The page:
Telegraphy can be said to date back to the invention of the telescope (Galileo Galilei, 1609) which enabled the tele-transmission of messages. In 1690, Amontons made a telegraph with field glasses, but the most frequent type of telegraph was the one produced by the French Claude Chappe (1791). It was at that moment that the word telegraph was created, being derived from the Greek elements tele = distance and graphos = writing. Chappe’s telegraph consisted in a system of lights with arms, messages being transmitted according to a 172 sign-code.
         Electricity represented a real qualitative jump in the field of the means of communication. The first attempt of using static electricity in telegraphy was done by the Swiss George Lesage in 1774. There followed Sömmering (1809) with the electrochemical telegraph, Silling (1830) with the electromagnetic one. A simple, user-friendly, easily manipulable telegraph was constructed by Samuel Brese Morse (1838) and got soon worldwide spread. The device was using a code of lines and dots, known as the “Morse alphabet”. The device had an immediate impact and a wire network was arranged in the whole world.
         In 1855, another American, Hughes, built the teleprinter, whose main advantage was that messages were directly transmitted with Latin characters, and there was no need to decode them any more.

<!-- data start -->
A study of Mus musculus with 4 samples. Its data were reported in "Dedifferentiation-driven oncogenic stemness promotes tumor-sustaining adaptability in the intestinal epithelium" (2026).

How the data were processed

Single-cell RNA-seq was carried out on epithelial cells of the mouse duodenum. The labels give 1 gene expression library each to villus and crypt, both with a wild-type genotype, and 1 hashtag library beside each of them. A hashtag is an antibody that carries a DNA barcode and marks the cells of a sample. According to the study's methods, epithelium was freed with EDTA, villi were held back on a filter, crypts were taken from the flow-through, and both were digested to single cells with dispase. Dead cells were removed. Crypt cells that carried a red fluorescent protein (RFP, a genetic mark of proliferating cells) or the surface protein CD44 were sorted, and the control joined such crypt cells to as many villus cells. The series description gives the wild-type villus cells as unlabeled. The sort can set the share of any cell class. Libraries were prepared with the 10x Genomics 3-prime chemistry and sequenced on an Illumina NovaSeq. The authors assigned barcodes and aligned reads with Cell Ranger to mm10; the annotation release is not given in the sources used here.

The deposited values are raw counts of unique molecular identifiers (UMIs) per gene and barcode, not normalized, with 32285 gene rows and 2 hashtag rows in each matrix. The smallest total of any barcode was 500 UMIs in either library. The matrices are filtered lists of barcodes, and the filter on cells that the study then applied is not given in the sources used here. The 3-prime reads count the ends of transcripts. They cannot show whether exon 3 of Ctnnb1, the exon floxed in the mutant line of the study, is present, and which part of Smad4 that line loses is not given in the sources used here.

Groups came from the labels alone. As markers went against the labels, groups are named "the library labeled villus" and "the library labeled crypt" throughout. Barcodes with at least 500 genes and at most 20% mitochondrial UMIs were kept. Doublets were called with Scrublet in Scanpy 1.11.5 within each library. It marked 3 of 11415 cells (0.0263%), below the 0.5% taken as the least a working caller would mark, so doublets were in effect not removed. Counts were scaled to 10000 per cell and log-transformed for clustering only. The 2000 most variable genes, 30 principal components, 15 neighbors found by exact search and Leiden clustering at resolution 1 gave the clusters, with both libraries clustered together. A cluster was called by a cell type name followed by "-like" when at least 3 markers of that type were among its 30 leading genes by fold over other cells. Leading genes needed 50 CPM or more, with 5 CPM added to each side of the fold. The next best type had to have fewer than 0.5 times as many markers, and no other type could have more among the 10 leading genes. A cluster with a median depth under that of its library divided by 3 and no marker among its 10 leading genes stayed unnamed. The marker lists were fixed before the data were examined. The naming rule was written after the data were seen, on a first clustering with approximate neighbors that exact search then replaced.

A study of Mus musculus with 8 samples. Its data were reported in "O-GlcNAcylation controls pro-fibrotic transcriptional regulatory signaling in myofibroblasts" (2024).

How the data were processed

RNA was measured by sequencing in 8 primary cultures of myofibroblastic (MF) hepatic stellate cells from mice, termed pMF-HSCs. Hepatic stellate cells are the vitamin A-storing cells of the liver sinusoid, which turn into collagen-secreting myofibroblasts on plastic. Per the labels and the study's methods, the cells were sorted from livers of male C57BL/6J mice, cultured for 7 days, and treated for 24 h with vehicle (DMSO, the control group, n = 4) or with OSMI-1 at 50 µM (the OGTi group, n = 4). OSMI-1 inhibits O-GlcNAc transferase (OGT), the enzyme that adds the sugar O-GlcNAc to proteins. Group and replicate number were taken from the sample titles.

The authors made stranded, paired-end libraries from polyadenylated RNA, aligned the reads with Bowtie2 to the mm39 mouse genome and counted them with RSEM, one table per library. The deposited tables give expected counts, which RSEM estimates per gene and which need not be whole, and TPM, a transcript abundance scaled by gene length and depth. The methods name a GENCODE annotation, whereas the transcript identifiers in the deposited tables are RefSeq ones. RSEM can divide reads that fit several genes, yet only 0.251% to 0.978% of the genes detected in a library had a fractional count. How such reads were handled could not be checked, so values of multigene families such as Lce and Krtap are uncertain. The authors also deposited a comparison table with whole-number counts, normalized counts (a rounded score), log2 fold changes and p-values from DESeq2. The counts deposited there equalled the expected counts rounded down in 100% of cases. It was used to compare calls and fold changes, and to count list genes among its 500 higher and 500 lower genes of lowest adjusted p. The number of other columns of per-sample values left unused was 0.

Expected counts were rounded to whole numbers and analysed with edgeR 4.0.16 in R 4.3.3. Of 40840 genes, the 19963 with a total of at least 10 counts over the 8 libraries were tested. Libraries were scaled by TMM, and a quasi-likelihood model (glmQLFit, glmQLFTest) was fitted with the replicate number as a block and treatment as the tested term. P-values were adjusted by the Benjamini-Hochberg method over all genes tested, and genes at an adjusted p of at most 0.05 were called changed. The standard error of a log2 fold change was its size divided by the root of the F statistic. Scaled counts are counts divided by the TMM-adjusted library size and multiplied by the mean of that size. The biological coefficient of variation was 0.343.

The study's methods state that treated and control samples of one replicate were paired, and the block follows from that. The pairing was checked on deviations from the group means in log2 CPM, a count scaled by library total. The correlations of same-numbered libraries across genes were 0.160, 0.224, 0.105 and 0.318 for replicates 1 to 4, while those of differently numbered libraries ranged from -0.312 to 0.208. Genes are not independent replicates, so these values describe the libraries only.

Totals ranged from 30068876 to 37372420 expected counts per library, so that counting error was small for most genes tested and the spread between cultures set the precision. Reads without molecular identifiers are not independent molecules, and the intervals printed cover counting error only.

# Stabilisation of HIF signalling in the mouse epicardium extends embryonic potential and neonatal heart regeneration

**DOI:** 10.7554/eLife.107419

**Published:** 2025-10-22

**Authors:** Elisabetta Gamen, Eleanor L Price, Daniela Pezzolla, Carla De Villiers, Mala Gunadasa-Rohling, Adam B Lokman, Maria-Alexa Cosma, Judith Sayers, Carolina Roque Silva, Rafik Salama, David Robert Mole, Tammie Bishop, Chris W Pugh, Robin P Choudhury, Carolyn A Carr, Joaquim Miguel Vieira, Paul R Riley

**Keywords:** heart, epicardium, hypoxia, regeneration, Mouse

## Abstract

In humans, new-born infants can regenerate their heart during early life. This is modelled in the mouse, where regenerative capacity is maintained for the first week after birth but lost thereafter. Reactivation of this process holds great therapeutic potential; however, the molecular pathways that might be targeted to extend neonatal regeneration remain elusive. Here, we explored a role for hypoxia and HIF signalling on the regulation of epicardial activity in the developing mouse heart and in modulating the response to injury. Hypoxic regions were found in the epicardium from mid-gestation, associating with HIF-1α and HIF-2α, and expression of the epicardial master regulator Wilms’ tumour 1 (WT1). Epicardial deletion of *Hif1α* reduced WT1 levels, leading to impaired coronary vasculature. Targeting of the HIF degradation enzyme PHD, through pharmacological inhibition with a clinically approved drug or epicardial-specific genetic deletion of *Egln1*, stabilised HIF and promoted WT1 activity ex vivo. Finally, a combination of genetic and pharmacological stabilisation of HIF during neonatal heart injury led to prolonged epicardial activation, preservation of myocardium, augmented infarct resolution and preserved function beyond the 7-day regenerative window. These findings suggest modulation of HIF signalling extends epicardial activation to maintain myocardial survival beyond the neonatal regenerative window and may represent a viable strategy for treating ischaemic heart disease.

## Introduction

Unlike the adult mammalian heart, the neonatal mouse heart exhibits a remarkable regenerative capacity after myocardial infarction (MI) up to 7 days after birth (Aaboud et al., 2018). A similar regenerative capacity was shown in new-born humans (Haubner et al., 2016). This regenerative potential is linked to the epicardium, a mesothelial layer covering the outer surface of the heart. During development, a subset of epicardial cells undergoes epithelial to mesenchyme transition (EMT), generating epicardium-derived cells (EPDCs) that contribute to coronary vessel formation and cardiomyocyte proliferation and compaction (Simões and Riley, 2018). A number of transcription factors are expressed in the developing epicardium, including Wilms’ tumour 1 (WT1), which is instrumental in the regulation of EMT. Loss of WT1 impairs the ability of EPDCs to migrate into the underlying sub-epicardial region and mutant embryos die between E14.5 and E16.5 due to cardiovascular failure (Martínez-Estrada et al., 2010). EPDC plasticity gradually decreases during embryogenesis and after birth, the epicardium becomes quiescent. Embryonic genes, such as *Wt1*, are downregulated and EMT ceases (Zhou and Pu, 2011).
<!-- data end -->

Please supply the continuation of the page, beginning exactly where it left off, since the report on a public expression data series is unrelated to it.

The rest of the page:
These devices were continuously improved by the producing companies, having as a main objective the quicker transmission of telegrams.
         The Morse device would transmit about 25 words per minute, while the Hughes telegraph around 36. In 1867, Wheastone achieved a device which managed to transmit about 360 words per minute. A much practical and cheaper method was the multiplex transmission which connected lines to two to four teleprinters.
         In 1851, brothers Iacob and John Brett installed an underwater telegraphic cable crossing the Channel and in 1858, the American Cyrus Field made an unsuccessful attempt to install a trans-Atlantic cable. It was only in 1866 that “Great Eastern” ship laid the cable without any incident.
In 1915, a new device was built; it did not require many adjustments and ran at a big speed. The tele-printer also known as telex, worked according to the START-STOP principle. The device gets started and stopped automatically for each transmitted letter, thus eliminating the possibility of summing up the speed deviations between gyrations, as it happened in the case of the Hughes device. The telex was printing on a paper tape or sheet.
         In Romania, the first line in Morse system was arranged in 1853 on the route Vienna- Timisoara-Sibiu. In 1854 the telegraphic connection started functioning on the route Bucharest-Giurgiu-Rusciuc while one year later, the Iasi–Cernauti line was carried out. Through this line, Iasi was connected to Vienna and Paris. The telegraphic posts were installed by Austrian companies which provided both equipment and specialists. From the very beginning, schools were founded in order to train Romanian telegraph personnel. Thus, in 1855 telegraphy schools were inaugurated both in Bucharest and Iasi and Romanian staff was formed for serving in telegraphic offices. Between 1858-1859, Romanian telegraphic lines were taken over by the Austrians.